A new survey by the Royal College of Nursing (RCN) shows that 15% of respondents suffered a sharps injury in 2020, 50% higher than when the survey was last carried out in 2008.

Reasons outlined in the survey for the rise include fatigue induced by the pandemic, low staffing levels, lack of training and safer sharps and sharps bins not being available. Nearly two-thirds of respondents to the survey said they had received at least one sharps injury during their careers. A quarter of mental health unit staff sustained sharps injuries in the last 12 months, as did 22% of care and nursing home staff.

Watch our webinar: Protect yourself from needlestick injuries

‘Most sharps injuries can be prevented and there are legal requirements on employers to take steps to prevent health care staff being exposed to infectious agents from sharps injuries,’ said Jude Diggins, RCN Interim Director of Nursing.

Blood and body fluid exposure has the potential to put health care workers at risk of infection, yet more than 80% of respondents to the survey said they perceived the disease risk from sharps injuries as low to nil. The survey also revealed that a quarter of respondents had no training on safe sharps use, and more than two in 10 had no education on reporting sharps injuries. Even after an injury, fewer than half attended a follow-up meeting, and 40% reported not receiving any medical advice.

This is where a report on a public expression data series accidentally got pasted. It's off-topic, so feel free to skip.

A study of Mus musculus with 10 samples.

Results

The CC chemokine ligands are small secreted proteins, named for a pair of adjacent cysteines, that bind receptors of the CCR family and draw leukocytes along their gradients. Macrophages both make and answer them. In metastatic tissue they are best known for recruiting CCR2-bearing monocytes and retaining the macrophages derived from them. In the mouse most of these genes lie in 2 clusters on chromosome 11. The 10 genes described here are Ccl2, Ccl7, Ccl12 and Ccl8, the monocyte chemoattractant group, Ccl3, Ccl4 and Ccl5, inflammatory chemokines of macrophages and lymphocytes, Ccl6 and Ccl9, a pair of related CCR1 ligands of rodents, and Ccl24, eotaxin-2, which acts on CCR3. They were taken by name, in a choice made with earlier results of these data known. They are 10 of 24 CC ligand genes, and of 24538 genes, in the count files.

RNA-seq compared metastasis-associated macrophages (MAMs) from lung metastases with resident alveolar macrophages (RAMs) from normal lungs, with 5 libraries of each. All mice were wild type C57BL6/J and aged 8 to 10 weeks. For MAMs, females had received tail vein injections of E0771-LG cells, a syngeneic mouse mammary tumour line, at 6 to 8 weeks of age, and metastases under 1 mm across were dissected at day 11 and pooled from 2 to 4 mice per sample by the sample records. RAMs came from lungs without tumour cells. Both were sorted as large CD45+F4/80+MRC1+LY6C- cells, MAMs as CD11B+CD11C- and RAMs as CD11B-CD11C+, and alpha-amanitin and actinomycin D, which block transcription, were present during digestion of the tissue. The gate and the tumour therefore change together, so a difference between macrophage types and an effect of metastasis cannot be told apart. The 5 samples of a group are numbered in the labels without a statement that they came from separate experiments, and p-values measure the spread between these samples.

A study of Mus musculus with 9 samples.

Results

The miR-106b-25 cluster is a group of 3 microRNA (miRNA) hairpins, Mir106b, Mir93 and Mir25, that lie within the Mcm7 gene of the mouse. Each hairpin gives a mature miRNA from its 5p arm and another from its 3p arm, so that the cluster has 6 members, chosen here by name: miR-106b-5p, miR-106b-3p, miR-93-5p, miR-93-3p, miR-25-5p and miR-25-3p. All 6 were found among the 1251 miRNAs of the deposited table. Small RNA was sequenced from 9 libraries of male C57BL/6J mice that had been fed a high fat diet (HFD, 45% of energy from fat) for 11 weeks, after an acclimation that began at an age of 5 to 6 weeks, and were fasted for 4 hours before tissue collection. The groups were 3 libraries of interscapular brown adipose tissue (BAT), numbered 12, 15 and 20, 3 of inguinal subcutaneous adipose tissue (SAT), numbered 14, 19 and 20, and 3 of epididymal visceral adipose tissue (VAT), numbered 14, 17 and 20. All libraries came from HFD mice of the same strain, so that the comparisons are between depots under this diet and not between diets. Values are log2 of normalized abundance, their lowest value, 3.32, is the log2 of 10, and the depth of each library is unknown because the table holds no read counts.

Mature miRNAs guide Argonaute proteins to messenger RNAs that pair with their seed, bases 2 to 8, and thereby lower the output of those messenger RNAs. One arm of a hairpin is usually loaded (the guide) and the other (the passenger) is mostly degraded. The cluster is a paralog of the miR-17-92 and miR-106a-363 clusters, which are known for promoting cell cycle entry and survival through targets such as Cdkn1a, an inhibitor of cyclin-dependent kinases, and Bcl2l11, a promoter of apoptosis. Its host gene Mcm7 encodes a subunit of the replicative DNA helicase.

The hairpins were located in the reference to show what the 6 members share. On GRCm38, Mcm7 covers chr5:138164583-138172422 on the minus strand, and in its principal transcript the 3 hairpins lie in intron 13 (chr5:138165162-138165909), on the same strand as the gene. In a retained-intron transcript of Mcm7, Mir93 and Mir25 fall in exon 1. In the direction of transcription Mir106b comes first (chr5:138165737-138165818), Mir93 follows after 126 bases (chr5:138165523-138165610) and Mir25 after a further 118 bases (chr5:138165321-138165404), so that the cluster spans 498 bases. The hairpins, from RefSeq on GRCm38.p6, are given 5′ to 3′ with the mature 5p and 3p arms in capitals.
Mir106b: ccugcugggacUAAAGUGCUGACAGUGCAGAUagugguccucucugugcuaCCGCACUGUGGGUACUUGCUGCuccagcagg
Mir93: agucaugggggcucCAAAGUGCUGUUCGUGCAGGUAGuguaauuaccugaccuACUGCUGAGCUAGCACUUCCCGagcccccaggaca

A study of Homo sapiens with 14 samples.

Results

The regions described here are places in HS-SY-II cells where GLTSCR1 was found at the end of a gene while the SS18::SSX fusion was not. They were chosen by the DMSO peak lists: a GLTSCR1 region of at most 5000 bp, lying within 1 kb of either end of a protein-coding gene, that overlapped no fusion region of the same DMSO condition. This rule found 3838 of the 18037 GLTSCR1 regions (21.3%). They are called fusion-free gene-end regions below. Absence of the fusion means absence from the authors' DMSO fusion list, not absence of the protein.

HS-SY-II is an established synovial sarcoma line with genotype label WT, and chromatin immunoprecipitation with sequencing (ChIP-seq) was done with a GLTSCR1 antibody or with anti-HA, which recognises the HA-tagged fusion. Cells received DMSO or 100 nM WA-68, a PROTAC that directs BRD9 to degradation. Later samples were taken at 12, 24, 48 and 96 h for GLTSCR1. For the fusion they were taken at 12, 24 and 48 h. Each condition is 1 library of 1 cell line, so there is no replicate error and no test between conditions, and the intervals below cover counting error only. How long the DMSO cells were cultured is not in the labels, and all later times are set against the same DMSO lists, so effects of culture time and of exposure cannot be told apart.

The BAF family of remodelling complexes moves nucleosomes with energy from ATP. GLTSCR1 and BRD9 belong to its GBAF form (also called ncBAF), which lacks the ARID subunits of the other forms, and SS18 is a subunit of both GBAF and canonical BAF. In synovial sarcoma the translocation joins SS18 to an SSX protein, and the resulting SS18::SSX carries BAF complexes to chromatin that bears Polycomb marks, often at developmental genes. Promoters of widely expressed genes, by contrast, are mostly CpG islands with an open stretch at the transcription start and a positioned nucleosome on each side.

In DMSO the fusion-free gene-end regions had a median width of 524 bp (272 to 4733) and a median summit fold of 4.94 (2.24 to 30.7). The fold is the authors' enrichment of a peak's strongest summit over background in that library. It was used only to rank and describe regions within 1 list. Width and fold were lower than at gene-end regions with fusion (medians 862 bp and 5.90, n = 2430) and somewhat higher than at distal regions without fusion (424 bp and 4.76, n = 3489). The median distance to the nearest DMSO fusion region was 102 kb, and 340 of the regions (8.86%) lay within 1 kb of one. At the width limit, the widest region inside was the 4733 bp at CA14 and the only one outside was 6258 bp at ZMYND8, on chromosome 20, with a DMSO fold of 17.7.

‘In 2013 new regulations were brought in to reduce sharps injuries but these findings suggest there is still some way to go to protect all parts of the nursing workforce,’ said Rose Gallagher, RCN Professional Lead for Infection Prevention and Control.

Read more: Simple measures to avoid healthcare-associated infections

‘We now need to see greater efforts for better reporting and training to not only prevent injuries but to ensure there are stronger procedures to follow-up and protect nursing staff after injuries.’